Monday, March 12, 2012

Minnesota Public Radio Stories


National Public Radio Stories

  • U.S. Soldier Accused Of Killing 16 Afghan Villagers
    Americans have worked for years to position themselves as protectors of Afghans against murderous insurgents. But on Sunday, a U.S. Army sergeant surrendered after a shooting rampage that left 16 people killed — including women and children.
  • No Let Up In Gaza-Israel Violence
    Days of fighting on the border between Israel and the Gaza strip cotinues. Israeli airstrikes killed three more people Monday in Gaza, the Palestinian-held area. Israelis have been bombing, Palestinians have been firing rockets into Israel.
  • iPad Workers: Plant Inspected Hours Before Blast
    In the past couple of months, computer giant Apple has come under criticism for working conditions in Chinese factories that help build iPads. Last week, NPR met with 25 workers injured in an explosion at an Apple supplier in Shanghai. They criticized safety at the plant and say the accident will have a lasting effect on their lives.
  • Indiana School Teaches Test Prep As Literary Genre
    Teachers often prepare their students in advance of standardized testing by getting them ready for what is expected to be on the exam. One school in Indiana has a course helping students learn how to take the test.
  • Bravo's Latest Reality Show: 'Shahs Of Sunset'
    Once Persian-American reality meant escaping post revolutionary Iran. Now it also means being part of American reality TV culture. Ryan Seacrest has teamed up with Bravo to create Shahs of Sunset — a reality show about the affluent lifestyles of Persian Americans in Beverly Hills.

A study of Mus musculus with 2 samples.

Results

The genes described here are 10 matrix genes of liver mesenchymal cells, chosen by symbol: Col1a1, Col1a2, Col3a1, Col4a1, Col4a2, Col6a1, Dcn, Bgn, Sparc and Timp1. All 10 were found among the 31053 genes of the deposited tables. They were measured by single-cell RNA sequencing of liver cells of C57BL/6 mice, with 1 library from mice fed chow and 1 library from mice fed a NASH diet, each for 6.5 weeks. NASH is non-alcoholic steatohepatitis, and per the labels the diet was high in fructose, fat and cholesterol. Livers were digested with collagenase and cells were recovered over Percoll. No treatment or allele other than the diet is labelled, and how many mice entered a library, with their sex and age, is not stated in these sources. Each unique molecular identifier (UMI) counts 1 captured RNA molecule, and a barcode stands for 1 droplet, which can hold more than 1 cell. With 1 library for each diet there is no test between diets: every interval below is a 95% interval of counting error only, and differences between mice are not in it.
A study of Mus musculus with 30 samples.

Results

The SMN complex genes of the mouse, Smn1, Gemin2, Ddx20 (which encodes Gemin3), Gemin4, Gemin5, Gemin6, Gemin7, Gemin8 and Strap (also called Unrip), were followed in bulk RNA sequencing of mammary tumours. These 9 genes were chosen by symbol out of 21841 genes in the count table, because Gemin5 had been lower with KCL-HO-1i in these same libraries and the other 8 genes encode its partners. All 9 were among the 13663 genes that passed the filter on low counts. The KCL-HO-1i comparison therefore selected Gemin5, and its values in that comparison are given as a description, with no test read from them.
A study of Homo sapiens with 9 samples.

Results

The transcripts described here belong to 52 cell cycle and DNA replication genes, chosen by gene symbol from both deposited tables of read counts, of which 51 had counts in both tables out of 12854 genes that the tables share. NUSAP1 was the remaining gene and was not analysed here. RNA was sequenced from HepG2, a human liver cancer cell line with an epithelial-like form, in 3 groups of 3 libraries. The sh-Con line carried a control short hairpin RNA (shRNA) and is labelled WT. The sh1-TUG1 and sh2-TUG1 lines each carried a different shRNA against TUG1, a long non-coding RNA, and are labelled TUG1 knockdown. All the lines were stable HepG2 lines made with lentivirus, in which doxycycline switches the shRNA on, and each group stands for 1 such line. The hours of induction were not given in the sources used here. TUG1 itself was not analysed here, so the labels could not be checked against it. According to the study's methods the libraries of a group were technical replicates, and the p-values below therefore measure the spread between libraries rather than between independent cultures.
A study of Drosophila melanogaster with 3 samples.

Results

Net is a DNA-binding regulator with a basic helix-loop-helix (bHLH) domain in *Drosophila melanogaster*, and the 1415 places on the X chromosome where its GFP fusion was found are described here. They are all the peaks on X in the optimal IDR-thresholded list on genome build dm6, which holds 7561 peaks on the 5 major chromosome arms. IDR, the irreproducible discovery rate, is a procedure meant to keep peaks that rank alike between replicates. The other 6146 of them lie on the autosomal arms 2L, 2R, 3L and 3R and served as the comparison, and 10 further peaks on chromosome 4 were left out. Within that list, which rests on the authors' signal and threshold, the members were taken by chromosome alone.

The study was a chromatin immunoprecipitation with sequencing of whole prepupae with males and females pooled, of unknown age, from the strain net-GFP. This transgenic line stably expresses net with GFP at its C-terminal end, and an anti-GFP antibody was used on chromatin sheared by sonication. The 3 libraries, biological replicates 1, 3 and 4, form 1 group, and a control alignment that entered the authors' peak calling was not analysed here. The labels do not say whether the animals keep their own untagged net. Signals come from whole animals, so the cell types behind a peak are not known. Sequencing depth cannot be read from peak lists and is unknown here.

• To Cut The Risk Of A High-Fat Meal, Add Spice
    Researchers have found that a meal loaded with spices like turmeric and cinnamon helps cut fat levels in the blood — even when the meal is rich in oily sauces and high in fat.
  • Gain Together, Lose Together: The Weight-Loss 'Halo' Effect
    Researchers are finding that the friends and family of obese and overweight individuals who lose weight lose weight themselves, and sometimes a lot of it.
  • China Struggles With $31.5 Trade Deficit
    China is buying more abroad than it sells. February marked the largest trade deficit for China in at least a decade. Imports outpaced exports by $31.5 billion.
  • How Ford's CEO Helped Restore The 'American Icon'
    In 2009, when the other Big Three automakers were filing for bankruptcy protection, Ford CEO and auto-industry outsider Alan Mulally helped the company post its first annual profit in four years. In American Icon, journalist Bryce Hoffman explores how Mulally helped Ford avoid the fate of its fellow automakers.
  • China Brings Back Its Luxury Car Brand
    Officials in Beijing are telling government departments to stop buying Audis, and instead drive the Red Flag, which is China's version of the luxury sedan. It used to shuttle Communist luminaries like Chairman Mao. It was, however, phased out two years ago as a gas guzzler.